Don’t let yourself get caught up in a tide of optimism or pessimism when it comes to stock market advice.
John Templeton, a 20th century investing master, once said, “The four most dangerous words for an investor are ‘This time it’s different’”. What he meant was that the market goes through recurring cycles of optimism and pessimism, and that prices rise and fall in response. It’s dangerous to let yourself get caught up in a tide of optimism or pessimism and take it to mean the world has changed and end up re-making the same investing mistakes.
One great example is the Internet boom of the 1990s and early 2000s. Many Internet stocks rose to extraordinary heights in those days, based on the number of visits to their websites, rather than dollars in their bank accounts. Back then, lots of analysts and investors believed that “This time it’s different” and that these stocks could go on rising indefinitely. Instead, the Internet stock boom ended suddenly, like most speculative booms. Most of the top Internet stocks collapsed and brought huge losses to investors.
However, you need to remember that these four words are also easy to misapply. The underlying cycle of optimism and pessimism never disappears, but circumstances and fundamentals do change. I think many investors have misapplied the famous four words in respect to the price of oil over the years
Oil shot up into the financial stratosphere in the early 1970s, partly because of political developments. Since then, its price has repeatedly gone through dramatic moves, up and down. After each plunge, prices rebounded sharply. It’s easy to assume the same kind of rebound will follow the latest plunge.
The improving technology of the past decade has opened up vast new potential oil sources. In the past, much of the world’s oil came from big underground pools, mainly concentrated in isolated areas such as the Mideast, where corrupt, volatile and backward governments were common.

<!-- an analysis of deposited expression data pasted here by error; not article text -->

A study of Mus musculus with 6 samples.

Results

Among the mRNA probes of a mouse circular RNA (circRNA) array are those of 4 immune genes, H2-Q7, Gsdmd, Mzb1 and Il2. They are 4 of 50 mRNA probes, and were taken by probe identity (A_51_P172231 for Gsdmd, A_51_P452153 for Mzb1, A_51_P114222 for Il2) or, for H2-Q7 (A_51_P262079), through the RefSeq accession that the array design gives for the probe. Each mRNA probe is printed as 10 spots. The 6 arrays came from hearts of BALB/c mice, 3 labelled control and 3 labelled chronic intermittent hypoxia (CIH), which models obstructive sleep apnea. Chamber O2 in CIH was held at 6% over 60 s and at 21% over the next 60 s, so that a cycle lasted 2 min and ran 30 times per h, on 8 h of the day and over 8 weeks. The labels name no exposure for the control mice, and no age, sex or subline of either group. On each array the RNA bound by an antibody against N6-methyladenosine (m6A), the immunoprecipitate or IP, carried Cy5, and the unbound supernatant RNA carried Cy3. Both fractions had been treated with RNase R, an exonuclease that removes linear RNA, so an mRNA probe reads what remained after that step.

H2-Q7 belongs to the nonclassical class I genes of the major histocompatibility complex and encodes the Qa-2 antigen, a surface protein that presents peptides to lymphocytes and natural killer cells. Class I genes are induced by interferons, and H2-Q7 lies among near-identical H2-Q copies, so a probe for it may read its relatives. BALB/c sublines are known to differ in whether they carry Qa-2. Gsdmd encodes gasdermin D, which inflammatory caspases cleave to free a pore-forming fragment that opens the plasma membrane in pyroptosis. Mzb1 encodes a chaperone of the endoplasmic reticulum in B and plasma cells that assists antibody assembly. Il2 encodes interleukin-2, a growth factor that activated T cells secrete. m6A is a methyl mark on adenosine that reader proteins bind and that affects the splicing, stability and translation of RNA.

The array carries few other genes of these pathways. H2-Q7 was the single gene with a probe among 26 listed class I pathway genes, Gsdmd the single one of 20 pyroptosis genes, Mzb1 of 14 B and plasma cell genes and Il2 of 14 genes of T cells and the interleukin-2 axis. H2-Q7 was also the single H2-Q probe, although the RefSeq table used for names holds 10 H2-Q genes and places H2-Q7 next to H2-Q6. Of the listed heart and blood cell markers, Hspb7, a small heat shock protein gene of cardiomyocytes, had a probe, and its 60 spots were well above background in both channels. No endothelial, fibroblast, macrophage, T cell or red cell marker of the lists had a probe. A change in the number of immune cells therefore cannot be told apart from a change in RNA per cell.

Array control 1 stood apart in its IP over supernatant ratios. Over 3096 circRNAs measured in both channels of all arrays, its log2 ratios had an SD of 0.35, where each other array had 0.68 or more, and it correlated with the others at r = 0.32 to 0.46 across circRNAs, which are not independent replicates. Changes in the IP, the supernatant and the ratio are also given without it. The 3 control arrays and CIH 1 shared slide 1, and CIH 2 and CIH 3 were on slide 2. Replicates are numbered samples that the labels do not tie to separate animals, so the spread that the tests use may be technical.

The new technology produces oil from shale, a form of rock. Oil-bearing shale deposits are common and widely spread out around the world.
The new technology faces political and economic obstacles. Costs, however, are likely to fall as the new technology develops. It’s just a matter of time before oil production from shale becomes common around the world. With oil production spread out rather than concentrated, oil prices will generally be lower and less volatile. So the inevitable recovery from the recent oil price plunge may turn out to be weaker and slower than past oil-price recoveries.
My advice is to maintain some exposure to the oil industry as part of the Resources segment of your portfolio. But resist any urge to go overboard, particularly in high-risk oil investments such as junior oils, futures, options and so on. That’s always good advice. They are as risky as ever, but they may fail to thrive in a slow oil recovery.
In my opinion stick with the Successful Investor portfolio approach to avoid re-making the same investing mistakes. It has three key rules:
- Invest mainly in well-established stocks with a history of revenues, earnings and dividends.
- Spread your money out among most if not all of the five main economic sectors (Manufacturing & Industry; Resources & Commodities; Consumer; Finance; Utilities).
- Downplay or avoid stocks in the broker/media limelight.
Our Successful Investor approach has a big advantage: It’s likely to pay off in the long run, whether we have deflation, inflation, or something in between.
Do you find yourself remaking the same investing mistakes? Do you often get caught up in a tide of optimism or pessimism? Let us know about your experience.